Feb. 19th, 2013

readallthenewberys: animated gif of Snoopy writing a story with multiple strange subplots (Default)
[personal profile] justice_turtle
...unless I forget it's Monday, oops. ;S

Summary: cut for spoilers )

Reaction: The use of language in this book is amazing; Elizabeth Coatsworth was a poet, and she does exactly what she wants with every word. I can't speak to the accuracy of the Buddhist stories which make up most of the book, nor to the realism of the portrayal of Japanese culture at whatever time this book is set, but the fairy-tale atmosphere is perfect, and as far as I can tell, there is absolutely no exoticization of anything at all. The tone of the book is very much "here is a story" which just happens to be a non-Eurocentric story without assuming explicitly, as so many (oh lord so many) of these books do, that the listeners are going to be of Euramerican background and here is a Strange Exotic Story of exoticness *blargh*.

There is the one rather awkward East-West patch job shown in the title, that cats are repeatedly stated to be "barred from Heaven", "have the gates of Paradise shut in their face", and other such usages, while the concept of Nirvana as... not being a place you go to?... is not brought up at all. And I may be missing other similar problems through my almost complete unfamiliarity with Buddhism. But as a story that completely ignores the existence of white people on several levels, and also as a very good story by any objective metric, and also as a prose-poem of sorts and as the first "short chapter book" I've encountered in this project, this is an AWESOME and extremely notable book.

I haven't even touched on misogyny - of which there is none, and very little even of disparity between the treatment of male and female characters. And though I've focused so much on the bad things this book lacks, it also has good things in abundance. The set-up of possibly-unfamiliar concepts is perfectly done, the middle few chapters are a series of briefly retold stories about the lives (life?) of the Buddha which tie in neatly to the main story about the artist and the cat, and the ending... even though it should be completely predictable to one who knows the tropes of children's literature... still made me sniffle, because of how well it's told.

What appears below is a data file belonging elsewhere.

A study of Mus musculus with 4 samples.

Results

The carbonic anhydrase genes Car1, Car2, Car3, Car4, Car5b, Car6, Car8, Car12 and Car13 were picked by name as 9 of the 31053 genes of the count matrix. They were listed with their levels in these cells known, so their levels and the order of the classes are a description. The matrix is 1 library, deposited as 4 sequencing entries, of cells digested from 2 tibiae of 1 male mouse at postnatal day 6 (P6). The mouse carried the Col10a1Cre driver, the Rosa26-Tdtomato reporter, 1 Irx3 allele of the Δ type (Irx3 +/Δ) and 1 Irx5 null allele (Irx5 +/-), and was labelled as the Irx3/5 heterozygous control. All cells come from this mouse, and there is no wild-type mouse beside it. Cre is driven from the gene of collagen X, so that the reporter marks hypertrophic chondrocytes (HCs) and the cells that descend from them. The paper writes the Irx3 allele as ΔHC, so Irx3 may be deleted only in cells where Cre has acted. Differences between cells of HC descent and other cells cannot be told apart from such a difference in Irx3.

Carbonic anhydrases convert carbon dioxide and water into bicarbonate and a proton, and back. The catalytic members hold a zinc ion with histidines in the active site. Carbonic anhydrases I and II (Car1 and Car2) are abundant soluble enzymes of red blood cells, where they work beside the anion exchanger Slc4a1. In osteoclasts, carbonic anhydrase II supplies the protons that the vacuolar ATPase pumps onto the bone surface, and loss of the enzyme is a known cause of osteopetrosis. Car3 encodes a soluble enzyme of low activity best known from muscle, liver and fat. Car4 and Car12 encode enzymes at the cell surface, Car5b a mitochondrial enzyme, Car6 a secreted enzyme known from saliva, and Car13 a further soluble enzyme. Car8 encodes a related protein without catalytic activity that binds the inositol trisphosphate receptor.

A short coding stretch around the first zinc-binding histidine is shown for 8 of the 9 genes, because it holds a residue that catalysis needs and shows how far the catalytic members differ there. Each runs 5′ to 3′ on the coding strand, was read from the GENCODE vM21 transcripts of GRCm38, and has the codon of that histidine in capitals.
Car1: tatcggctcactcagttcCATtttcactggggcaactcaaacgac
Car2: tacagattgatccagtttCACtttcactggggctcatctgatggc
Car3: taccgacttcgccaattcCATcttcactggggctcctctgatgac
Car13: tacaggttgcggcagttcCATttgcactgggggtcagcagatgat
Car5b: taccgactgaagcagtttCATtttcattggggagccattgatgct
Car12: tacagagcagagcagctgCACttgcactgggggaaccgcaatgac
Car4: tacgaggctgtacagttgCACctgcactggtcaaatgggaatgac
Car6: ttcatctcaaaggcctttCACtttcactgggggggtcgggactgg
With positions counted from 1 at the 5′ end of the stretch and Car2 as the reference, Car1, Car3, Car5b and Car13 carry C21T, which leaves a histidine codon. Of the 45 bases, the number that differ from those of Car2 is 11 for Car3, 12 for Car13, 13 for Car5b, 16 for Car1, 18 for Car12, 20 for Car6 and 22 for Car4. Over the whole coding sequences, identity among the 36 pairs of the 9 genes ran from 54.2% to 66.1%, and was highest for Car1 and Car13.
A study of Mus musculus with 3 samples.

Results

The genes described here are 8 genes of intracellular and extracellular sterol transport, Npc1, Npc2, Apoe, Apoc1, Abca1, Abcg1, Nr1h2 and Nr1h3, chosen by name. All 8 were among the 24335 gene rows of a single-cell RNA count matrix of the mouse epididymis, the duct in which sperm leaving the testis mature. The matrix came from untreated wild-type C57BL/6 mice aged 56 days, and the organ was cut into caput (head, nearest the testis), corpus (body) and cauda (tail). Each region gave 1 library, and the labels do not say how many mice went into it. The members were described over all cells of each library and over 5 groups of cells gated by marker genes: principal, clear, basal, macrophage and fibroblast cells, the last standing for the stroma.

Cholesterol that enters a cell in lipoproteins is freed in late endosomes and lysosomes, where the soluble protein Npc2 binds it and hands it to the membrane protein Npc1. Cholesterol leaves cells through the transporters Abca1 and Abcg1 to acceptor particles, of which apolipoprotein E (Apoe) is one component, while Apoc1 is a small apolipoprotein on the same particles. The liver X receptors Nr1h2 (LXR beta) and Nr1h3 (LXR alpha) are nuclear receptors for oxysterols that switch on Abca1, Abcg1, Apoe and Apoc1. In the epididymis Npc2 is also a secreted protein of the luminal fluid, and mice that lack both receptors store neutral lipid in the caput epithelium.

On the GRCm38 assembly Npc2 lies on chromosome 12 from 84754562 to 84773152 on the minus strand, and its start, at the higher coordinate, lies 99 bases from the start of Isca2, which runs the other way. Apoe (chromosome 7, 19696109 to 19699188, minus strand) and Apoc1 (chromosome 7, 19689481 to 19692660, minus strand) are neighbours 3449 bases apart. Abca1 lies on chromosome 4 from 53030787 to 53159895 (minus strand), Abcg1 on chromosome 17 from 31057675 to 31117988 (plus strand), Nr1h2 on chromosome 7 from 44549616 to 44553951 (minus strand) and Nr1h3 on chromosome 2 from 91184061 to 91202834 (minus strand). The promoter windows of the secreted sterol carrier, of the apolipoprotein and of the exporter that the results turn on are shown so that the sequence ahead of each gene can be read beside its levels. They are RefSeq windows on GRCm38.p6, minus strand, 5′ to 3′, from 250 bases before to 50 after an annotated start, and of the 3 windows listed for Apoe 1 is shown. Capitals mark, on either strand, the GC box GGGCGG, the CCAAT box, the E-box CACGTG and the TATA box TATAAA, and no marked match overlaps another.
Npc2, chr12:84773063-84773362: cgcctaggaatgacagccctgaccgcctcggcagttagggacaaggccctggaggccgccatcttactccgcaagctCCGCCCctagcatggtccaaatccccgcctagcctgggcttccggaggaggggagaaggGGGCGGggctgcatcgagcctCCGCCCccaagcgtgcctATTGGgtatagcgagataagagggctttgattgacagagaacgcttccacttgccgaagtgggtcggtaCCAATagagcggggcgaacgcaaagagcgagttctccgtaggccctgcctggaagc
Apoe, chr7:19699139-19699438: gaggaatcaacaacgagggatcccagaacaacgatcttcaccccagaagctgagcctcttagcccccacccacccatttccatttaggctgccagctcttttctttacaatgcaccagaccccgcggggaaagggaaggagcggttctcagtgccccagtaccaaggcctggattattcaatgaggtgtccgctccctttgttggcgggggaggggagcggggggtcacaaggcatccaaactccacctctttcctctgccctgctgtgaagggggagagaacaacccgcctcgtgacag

Conclusion: Five stars. I would place this above Golden Fleece, the only other five-star book so far. I haven't read Ms Coatsworth's oeuvre in so long that I can't give any further reading recs here, but I'm definitely adding her other books to The List.
readallthenewberys: animated gif of Snoopy writing a story with multiple strange subplots (Default)
[personal profile] justice_turtle
Summary: spoilers )

Reaction: Uh, it's... very, very slow-moving. It reminds me a bit of Albert Payson Terhune's Lad: A Dog books sometimes, with its careful focus on realism and the wisest way to train pigeons (Terhune was a collie breeder with strong opinions on the treatment of dogs; I can't find out how serious a pigeon fancier Mukerji was), but at other times it's very much more like the stories of Thornton Burgess ("Old Mother West Wind", "Jimmy Skunk", etc), with the way it ascribes a slightly awkward combination of totally human emotions and pointedly non-human "perceptive outsider" understanding to the animals, in order to make its points. Overall, I think the only coherent tone it has is "inner peace is Important and here are the Buddhist(?) principles of peace and love and unfearfulness you ought to follow". It does, however, take that tone really solidly.

Conclusion: Three stars. I didn't hate it, weird though it was in places; I didn't love it. I think Mukerji's style, very Indian though the book was (as all Newberys must be) originally published in English, is so unfamiliar to me that I was never really going to appreciate its good points properly, but it does seem to have a good many of them.